Google “strategy” and you’ll find books, blogs, podcasts, videos, cartoons, etc. (I’ve consumed more on the topic than I’d like admit.) At the risk of writing a “me too” post, here are some of my thoughts on strategy.
Strategy can easily become lofty aspirations matched with a lot of homework. For me, I define strategy as intention with a plan, ideally with some sanity check to evaluate the two. The scope, complexity, timeframe, and number of people involved can vary, but I think it helps to remember these essentials.
So, my overall approach is:
- Establish Goals
- Identify the Status Quo and the Gap
- Iterate on a plan from current state to goals (the bridge)
- Consider Blindspots
- Daily Strategy Standup (read this if nothing else)
While this is a big topic, the essentials are:
- Why are you doing this?
- Is it worth the effort? What is the “payoff” (for all stakeholders)?
- What do we need vs. want vs. nice to have?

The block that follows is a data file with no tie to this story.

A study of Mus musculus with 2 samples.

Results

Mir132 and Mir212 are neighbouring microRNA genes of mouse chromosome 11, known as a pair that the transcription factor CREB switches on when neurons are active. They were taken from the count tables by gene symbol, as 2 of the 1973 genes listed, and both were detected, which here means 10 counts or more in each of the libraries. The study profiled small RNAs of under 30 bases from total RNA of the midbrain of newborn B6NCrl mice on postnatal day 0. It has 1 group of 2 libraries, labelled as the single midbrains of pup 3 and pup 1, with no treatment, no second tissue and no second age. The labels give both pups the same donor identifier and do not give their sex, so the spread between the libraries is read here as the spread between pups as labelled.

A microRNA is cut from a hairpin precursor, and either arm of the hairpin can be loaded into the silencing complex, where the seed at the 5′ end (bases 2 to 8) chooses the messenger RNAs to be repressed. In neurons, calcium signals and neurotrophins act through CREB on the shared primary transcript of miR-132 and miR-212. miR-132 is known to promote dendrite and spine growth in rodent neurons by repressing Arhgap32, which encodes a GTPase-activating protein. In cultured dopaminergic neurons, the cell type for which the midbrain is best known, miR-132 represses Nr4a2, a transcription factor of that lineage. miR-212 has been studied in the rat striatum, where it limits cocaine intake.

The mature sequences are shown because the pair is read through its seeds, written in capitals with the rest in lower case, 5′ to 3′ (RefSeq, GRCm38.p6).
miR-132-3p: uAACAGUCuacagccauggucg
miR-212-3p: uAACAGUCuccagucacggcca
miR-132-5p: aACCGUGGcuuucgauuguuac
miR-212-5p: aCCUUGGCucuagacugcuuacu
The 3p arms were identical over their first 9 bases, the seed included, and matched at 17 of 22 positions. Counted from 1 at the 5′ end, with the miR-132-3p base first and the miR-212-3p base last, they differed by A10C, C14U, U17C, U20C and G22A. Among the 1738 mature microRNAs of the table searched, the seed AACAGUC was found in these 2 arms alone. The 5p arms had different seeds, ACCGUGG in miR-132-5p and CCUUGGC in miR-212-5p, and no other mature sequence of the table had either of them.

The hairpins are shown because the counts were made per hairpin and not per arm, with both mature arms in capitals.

Status Quo: What is the Gap?
Identify and understand your starting point. Ultimately, I am trying to understand the gap between the status quo and where I want to be. In simple situations there are only a few metaphorical speed bumps in the way; in others there is the Grand Canyon.
I find it helpful to think it terms of a gap, i.e. “what are we missing?”; it makes it easier to identify and enumerate needs and challenges.
Iteration: The Bridge
How might we bridge the gap between where we are and where we need to be?
I’ll draft an actionable plan that starts to fill in the gap. Baby steps that I can implement are far better than ambitious ideas that need lots of research and planning.
Do a bit of work, evaluate and tweak. Use your goals as a “north star” and fill in the missing pieces towards your goals. Or you may discover you should revise your goals (though that is its own post).
I like to combine risks and constraints into a general bucket of blindspots. You can only anticipate so much; there are always unknowns, so framing such dangers as blindspots helps me. It also encourages me to be more creative in imagining what may undermine or threaten my efforts.
As with the classic Agile daily standup, I like to have a daily Strategy Standup. Whether alone or with a team, I ask three questions every day:
- What do we need?
- What are we missing?
- How might we bridge the gap between the two?
This 15 minute sanity check has proven very useful to me.
For me, strategy can too easily become ambitious planning, disconnected from tangible and actionable efforts. The approach I’ve described helps me balance intention, focus and adaptation.